3 Paths Toward A More Creative Life
Everyone can learn to be more creative, but to become very creative, I’ve come to believe you need to lead a creative life. In watching my best students, in examining the lives of successful entrepreneurs, and in seeing the process of the great Native American artists who I know, it is clear that how they live their daily lives is crucial to their success. I realize that it sounds very “zen-y” (which is OK by me), yet I come to this realization not through a search for spirituality or clarity but from simple observation. Creativity is in such demand today that when we apply for jobs, when we join organizations, or when we just meet other people, we are asked to present our creative selves. But we can’t do that unless we understand the nature of our own creativity, locate the sources of our originality, and have a language that explains our work. If you are one of the growing number of “creatives,” or want to become one, you need to lead a creative life. 1. For good reason. 2. 3.


4 Things We Have Wrong About Creativity “Creativity” may not be the first word that comes to mind when you hear the word “conglomerate.” But Christian Stadil, CEO and co-owner of Denmark-based Thornico, a sprawling enterprise with holdings in food, technology, shipping, and others, will likely change your mind about that. Stadil is so enthusiastic about the concept of creativity that he has co-authored a new book with psychology professor Lenne Tanggaard, who teaches at the University of Aalborg in Denmark. In the Shower with Picasso, out in May, looks at creativity in business, the arts, and other areas and explores how we can all become more creative. In doing so, Stadil says the duo discovered that some of the very fundamental beliefs we have about creativity are wrong. Here, he shares four common misconceptions.

Creative Problem Solving with SCAMPER SCAMPER is a technique you can use to spark your creativity and help you overcome any challenge you may be facing. In essence, SCAMPER is a general-purpose checklist with idea-spurring questions — which is both easy to use and surprisingly powerful. It was created by Bob Eberle in the early 70s, and it definitely stood the test of time. In this posting, I present a complete SCAMPER primer, along with two free creativity-boosting resources: a downloadable reference mind map and an online tool that generates random questions to get you out of a rut whenever you need. SCAMPER Primer SCAMPER is based on the notion that everything new is a modification of something that already exists. 4 Ways To Amplify Your Creativity The holidays are over, the weather is lousy, and we’re sober again. We made all kinds of New Year’s promises, but the big one that will change our careers, if not our lives, is the promise to ourselves to become more creative. In my new book, Creative Intelligence, I show that creativity is learned behavior that gets better with training--like sports. You can make creativity routine and a regular part of your life.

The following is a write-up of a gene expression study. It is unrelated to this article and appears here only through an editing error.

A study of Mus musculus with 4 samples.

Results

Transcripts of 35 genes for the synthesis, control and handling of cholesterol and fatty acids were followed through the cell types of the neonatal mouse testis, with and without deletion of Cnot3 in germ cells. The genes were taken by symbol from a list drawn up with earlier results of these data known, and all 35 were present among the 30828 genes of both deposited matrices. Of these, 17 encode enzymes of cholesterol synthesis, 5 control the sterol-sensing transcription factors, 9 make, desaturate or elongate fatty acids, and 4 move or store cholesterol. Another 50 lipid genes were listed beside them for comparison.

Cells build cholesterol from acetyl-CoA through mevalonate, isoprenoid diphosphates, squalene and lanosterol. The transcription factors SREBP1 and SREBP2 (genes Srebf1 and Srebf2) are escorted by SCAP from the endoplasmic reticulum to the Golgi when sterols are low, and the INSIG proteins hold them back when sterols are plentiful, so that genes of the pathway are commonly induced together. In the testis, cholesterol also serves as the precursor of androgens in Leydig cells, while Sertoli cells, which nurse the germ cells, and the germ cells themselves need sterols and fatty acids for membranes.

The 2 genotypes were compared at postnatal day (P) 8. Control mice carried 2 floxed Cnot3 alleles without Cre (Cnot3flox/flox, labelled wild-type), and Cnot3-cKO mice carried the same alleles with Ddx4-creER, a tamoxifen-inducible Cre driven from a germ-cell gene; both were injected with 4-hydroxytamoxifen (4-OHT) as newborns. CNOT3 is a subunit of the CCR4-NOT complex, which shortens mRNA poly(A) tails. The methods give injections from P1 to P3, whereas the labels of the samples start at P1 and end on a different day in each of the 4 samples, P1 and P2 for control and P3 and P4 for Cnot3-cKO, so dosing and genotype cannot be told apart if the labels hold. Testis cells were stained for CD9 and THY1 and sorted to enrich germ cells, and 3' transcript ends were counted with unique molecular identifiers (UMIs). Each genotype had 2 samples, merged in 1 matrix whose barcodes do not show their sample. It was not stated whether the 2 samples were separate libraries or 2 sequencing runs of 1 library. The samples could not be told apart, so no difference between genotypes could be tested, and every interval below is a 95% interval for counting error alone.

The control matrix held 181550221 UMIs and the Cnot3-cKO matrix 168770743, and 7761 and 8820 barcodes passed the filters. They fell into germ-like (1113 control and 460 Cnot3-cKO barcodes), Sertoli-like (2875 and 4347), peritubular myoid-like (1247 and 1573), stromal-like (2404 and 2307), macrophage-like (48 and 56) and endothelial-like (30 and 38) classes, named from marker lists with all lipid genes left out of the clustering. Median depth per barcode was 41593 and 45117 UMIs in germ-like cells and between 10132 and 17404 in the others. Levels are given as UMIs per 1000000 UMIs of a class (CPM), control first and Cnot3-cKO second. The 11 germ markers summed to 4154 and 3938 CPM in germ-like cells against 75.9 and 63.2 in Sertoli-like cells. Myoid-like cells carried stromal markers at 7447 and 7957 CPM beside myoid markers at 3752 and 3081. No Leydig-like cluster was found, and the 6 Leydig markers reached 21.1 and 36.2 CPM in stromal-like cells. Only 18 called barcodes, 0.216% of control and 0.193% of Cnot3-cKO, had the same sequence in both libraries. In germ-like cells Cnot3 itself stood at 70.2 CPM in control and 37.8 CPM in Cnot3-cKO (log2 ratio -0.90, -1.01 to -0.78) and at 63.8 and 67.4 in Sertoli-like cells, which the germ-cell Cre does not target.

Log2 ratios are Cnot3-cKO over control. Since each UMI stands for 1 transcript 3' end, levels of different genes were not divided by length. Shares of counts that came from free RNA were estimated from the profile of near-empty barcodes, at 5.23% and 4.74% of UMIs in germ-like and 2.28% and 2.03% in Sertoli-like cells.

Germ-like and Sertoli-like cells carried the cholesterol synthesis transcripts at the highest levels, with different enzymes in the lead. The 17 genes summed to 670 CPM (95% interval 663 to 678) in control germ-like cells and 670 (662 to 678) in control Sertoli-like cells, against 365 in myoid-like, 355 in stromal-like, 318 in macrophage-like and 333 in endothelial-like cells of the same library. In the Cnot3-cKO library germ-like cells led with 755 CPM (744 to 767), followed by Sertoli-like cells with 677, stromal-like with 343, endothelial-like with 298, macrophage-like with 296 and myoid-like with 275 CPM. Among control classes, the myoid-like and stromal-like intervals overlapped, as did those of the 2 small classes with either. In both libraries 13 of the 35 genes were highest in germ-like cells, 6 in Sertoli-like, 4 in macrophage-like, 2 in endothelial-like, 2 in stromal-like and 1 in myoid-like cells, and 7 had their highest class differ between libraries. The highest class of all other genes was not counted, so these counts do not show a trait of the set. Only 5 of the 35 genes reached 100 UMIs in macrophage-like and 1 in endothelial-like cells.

Why We Need More Small Ideas I'm always a little saddened when I see people who are unhappy with their jobs and spend a lot of time sitting around waiting for the next big idea to drop into their laps. Sometimes in conversations with these people, I find myself thinking of how thin the line really is between praying and whining, and how easy it is to cross. These people are thinking too large. Best of the Web Book Marketing Tips for the Week of September 24, 2012 We’ve collected some of the best book marketing Tweets from the past week, courtesy of bloggers, marketers, authors and others. The topics include Facebook marketing tips to improve engagement, getting credible – not fake – book reviews, making your book pitch stand out, and much more. Happy marketing! * 5 Unbreakable Laws of Self-Publishing (Photo credit: Wikipedia) First, start thinking like a publisher:

Twelve Things You Were Not Taught in School About Creative Thinking 2342 486Share Synopsis Aspects of creative thinking that are not usually taught. 1. You are creative. Crush the "I'm Not Creative" Barrier - Jeff Dyer, Hal Gregersen, and Clayton M. Christensen by Jeff Dyer, Hal Gregersen, and Clayton M. Christensen | 10:50 AM May 7, 2012 Did you know that if you think you are creative, you’re more likely to actually be creative? The Daily Rituals Of The World's Most Creative People And What You Can Learn From Them The novelist Patricia Highsmith worked in bed surrounded by cigarettes, an ashtray, matches, a mug of coffee, a doughnut and a cup full of sugar. According to Mason Currey, the author of the entertaining and enlightening new book, Daily Rituals: How Artists Work, she also liked to have a stiff drink before she settled down to write, “to reduce her energy levels, which veered toward the manic.” Daily Rituals chronicles the routines of genius-level artists, writers, composers, and philosophers--Beethoven, Kafka, Chuck Close, and John Cheever are among those included.

10 Brilliant Social Psychology Studies Ten of the most influential social psychology experiments. “I have been primarily interested in how and why ordinary people do unusual things, things that seem alien to their natures.Why do good people sometimes act evil?Why do smart people sometimes do dumb or irrational things?” –Philip Zimbardo Like eminent social psychologist Professor Philip Zimbardo (author of The Lucifer Effect: Understanding How Good People Turn Evil), I’m also obsessed with why we do dumb or irrational things. Creativity is rejected: Teachers and bosses don’t value out-of-the-box thinking. Illustration by Rob Donnelly In the United States we are raised to appreciate the accomplishments of inventors and thinkers—creative people whose ideas have transformed our world. We celebrate the famously imaginative, the greatest artists and innovators from Van Gogh to Steve Jobs. Viewing the world creatively is supposed to be an asset, even a virtue.